There are two articles published this week that focused on the importance of modest fashion glamour in the larger fashion industry. Below, there are three main points of those two articles. We also posted a few main paragraphs of those articles. Feel free to read summary and full version of those stories. Happy reading.
- It seems that the modest fashion embraces clavicles over cleavages and the floor-length hemline over hike-high short dresses.
- Fashion is a fashion designer’s perception of where we are culturally and socially. Perhaps, we are not in the time and era where super-sexy clothes are super cool. “Designers and creators must be mindful of respecting women’s choices across different faith, age groups, sizes and cultures,” said Swapna Anumolu designer for Mishru label.
- Gucci, Max Mara, Molly Goddard, Versace, Calvin Kelin, Marc Jacob and Chanel have all sent models in “Muslimish headpieces down the runway.
A part of daily lives
Modest fashion is not just a trend; it is an essential part of our daily lives and designer Arpita Mehta, Indian designer, believes that it is a way of dressing that people adhere to every now and then. “We definitely see it a lot in India but internationally it has become quite a sight for fashion. From high neck collared shirts, to full sleeved denim jackets, to floor length maxi’s, modest fashion has taken a turn today, and is being interspersed into our everyday clothing wardrobe,” says Arpita.
Today, one’s witnessing long hemlines, relaxed trousers, flowy dresses and longer sleeve lengths on both international and Indian runways as well as high street fashion.
Designer Swapna Anumolu of label Mishru believes that modest fashion can be enjoyed by everyone in a way that they feel comfortable and confident in. “It is a way to cater to women in terms of their fashion and lifestyle choices. In our country like ours, with multicultural identities and even the global sphere shifting to accepting and celebrating all communities, respect for people’s personal choices is key. Designers and creators must be mindful of respecting women’s choices across different faiths, age groups, sizes and cultures,” says Swapna.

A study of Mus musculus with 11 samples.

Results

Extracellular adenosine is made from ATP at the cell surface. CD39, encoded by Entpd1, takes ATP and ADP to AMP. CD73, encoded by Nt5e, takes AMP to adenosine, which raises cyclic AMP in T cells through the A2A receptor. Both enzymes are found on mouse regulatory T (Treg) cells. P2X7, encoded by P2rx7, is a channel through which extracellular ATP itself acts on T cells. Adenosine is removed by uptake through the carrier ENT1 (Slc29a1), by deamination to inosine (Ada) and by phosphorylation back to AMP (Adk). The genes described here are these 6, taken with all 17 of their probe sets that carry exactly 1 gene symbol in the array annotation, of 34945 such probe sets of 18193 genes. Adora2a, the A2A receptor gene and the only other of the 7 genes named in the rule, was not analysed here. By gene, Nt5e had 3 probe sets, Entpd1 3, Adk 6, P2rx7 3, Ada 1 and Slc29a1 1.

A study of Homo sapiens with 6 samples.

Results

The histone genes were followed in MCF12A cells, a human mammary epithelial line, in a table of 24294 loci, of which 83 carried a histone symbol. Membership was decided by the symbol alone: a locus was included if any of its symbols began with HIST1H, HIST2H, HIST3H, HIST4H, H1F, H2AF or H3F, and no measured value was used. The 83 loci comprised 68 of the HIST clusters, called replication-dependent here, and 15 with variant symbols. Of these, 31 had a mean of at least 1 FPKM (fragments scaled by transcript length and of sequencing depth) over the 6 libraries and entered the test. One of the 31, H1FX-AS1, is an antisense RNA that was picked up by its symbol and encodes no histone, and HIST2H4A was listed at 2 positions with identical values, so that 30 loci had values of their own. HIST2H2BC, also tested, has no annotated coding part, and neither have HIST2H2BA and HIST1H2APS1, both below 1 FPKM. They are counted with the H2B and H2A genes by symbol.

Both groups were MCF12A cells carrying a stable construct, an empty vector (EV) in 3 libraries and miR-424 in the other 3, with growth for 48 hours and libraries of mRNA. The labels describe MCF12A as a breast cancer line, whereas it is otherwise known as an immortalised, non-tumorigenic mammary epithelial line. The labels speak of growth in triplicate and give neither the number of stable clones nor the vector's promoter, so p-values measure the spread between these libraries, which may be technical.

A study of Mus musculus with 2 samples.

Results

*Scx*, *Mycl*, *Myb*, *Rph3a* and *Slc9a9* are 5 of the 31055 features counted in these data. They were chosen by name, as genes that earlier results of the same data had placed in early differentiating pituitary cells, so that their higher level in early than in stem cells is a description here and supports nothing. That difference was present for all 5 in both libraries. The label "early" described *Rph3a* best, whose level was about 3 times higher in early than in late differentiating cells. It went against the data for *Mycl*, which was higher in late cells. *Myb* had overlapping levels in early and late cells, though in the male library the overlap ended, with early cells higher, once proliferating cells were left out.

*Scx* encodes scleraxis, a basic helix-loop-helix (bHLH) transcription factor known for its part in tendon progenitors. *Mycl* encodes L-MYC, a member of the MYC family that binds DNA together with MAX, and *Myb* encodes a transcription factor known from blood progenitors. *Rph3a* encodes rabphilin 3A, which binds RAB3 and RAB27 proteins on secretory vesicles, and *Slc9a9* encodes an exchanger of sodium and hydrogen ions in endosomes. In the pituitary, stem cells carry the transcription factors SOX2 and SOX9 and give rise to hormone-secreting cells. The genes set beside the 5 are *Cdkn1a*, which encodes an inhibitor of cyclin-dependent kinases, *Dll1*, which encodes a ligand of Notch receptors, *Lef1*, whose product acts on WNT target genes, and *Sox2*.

Major Brands Want Piece of the Cake
Headscarves and hijabs have also been de rigueur at the shows. Gucci, Max Mara, Molly Goddard, Versace, Calvin Klein, Marc Jacobs and Chanel have all sent models in “Muslim-ish” headpieces down the runway. The argument that the industry is offensively fetishising religious wear, turning something deeply meaningful into a throwaway trend, has been made several times. On the other hand, by seeming to be more inclusive, is this progress?
Author and influencer Yassmin Abdel-Magied is circumspect: “I think modest being fashionable right now isn’t really about modesty: it’s about trends. In the same way skin was fashionable in the 90s, in times it’ll be unfashionable again. [But] there is something beautiful about the way cultures with modest traditions style themselves, so there is rich, untapped stimulus for fashion houses.”